WASHINGTON — Twelve U.S. National Guard members have been removed from securing President-elect Joe Biden's inauguration after vetting by the FBI, including two who made extremist statements in posts or texts about the Wednesday event, Pentagon officials said. There were no specific threats to Biden.
Two other U.S. officials told The Associated Press that all 12 were found to have ties with right-wing militia groups or posted extremist views online. The officials, a senior intelligence official and an Army official briefed on the matter, did not say which fringe groups the Guard members belonged to or what unit they served in. The officials were not authorized to speak publicly and spoke to The AP on condition of anonymity. The officials told the AP they had all been removed because of "security liabilities."
Gen. Daniel Hokanson, chief of the National Guard, confirmed that Guard members had been removed and sent home but he said only two cases were for inappropriate comments or texts related to the inauguration. He said the other 10 were for other potential issues that may involve previous criminal behavior or other activities, but were not directly related to the inaugural event.
Their removal from the massive security presence at the nation's capital comes as U.S. defense officials have been worried about a potential insider attack or other threat from service members following the deadly riot at the U.S. Capitol Jan. 6 by Trump supporters. The FBI has been working to vet all 25,000 National Guard in town. Officials have said that the Pentagon has found no intelligence so far that would indicate an insider threat.
But the FBI has also warned law enforcement officials about the possibility that right-wing fringe groups could pose as members of the National Guard, according to two law enforcement officials familiar with the matter.
Neither Hokanson, nor Pentagon spokesman Jonathan Hoffman would provide details on the comments or texts made by the two Guard members. Speaking at a Pentagon press conference, Hokanson said one was identified by his chain of command and the other was identified through an anonymous tip.
"Much of the information," Hoffman said, "is unrelated to the events taking place at the Capitol or to the concerns that many people have noted on extremism. These are vetting efforts that identify any questionable behavior in the past or any potential link to questionable behavior, not just related to extremism."
Hoffman added that officials aren't asking questions right now of those who were flagged. "We're, out of an abundance of caution, taking action and immediately removing them from the line of duty at the Capitol and the events taking place."
"And then we will address them, whether it's through law enforcement if necessary or through their own chain of command," he added.
Washington has been on edge since the deadly insurrection at the Capitol, which has prompted extraordinary security measures ahead of Biden's inauguration. A fire in a homeless camp roughly a mile from the Capitol complex prompted a lockdown Monday during a rehearsal for the inauguration.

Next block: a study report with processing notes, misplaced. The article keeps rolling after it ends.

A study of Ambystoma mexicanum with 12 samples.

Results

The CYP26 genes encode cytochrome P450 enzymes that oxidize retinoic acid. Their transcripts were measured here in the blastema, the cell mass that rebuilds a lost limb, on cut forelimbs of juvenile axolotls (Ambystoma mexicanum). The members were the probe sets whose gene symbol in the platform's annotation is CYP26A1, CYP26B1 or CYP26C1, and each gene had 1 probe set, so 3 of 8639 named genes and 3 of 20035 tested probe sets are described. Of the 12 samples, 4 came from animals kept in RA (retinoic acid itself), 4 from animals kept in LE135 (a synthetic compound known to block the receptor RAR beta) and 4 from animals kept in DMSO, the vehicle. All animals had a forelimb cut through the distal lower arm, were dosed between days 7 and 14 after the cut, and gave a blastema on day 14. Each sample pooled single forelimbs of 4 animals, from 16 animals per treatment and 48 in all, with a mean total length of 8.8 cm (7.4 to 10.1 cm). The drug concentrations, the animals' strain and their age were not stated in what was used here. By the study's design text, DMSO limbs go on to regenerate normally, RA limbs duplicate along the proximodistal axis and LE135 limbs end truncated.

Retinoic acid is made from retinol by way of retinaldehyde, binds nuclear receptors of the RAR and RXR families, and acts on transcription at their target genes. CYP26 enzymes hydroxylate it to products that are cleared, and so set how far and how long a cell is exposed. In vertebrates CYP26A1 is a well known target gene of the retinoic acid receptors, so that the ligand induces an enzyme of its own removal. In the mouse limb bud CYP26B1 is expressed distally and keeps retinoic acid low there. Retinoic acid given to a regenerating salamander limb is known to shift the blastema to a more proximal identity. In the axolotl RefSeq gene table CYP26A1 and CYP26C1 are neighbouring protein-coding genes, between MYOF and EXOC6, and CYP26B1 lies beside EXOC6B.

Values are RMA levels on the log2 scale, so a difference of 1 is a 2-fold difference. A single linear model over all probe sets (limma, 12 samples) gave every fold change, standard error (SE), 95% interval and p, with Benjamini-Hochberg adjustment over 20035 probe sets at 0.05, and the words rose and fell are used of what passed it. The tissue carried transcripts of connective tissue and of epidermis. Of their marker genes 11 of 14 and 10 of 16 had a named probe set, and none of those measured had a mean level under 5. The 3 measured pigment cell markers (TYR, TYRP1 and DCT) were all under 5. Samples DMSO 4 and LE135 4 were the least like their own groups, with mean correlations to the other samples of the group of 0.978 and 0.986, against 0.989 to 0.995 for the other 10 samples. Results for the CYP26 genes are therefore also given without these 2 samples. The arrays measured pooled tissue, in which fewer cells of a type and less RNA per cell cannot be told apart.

U.S. Secret Service tightened security in and around the Capitol days earlier than usual in preparation, and the city center is essentially on lockdown with streets blocked, high fencing installed and tens of thousands of troops and law enforcement officers stationed around the area.
Federal law enforcement officials have also been wary of increased surveillance of military and law enforcement checkpoints and other positions after National Guard troops reported people taking pictures and recording them, said the law enforcement officials, who spoke to the AP on condition of anonymity to discuss ongoing security matters.
The Secret Service issued a bulletin over the weekend about what it sees as an "uptick" in National Guard troops posting pictures and details of their operations online.
The Associated Press obtained the "all concerned" message sent to all National Guard troops coming to Washington. Without getting into specific postings, the bulletin read, "No service members should be posting locations, pictures or descriptions online regarding current operations or the sensitive sites they are protecting" and urged them to stop immediately.
Asked about the bulletin, a spokesperson for the Secret Service issued a statement saying it "does not comment on matters of protective intelligence."
Contacted by the AP Tuesday morning, the National Guard Bureau referred questions to the U.S. Secret Service and said, "Due to operational security, we do not discuss the process nor the outcome of the vetting process for military members supporting the inauguration."
Over the summer, a man was arrested in Los Angeles for impersonating a National Guard member during protests in the city near Los Angeles City Hall. The man, Gregory Wong, was carrying a sidearm and assault rifle but was taken into custody after actual Guardsmen confronted him when they noticed things out of place on his uniform.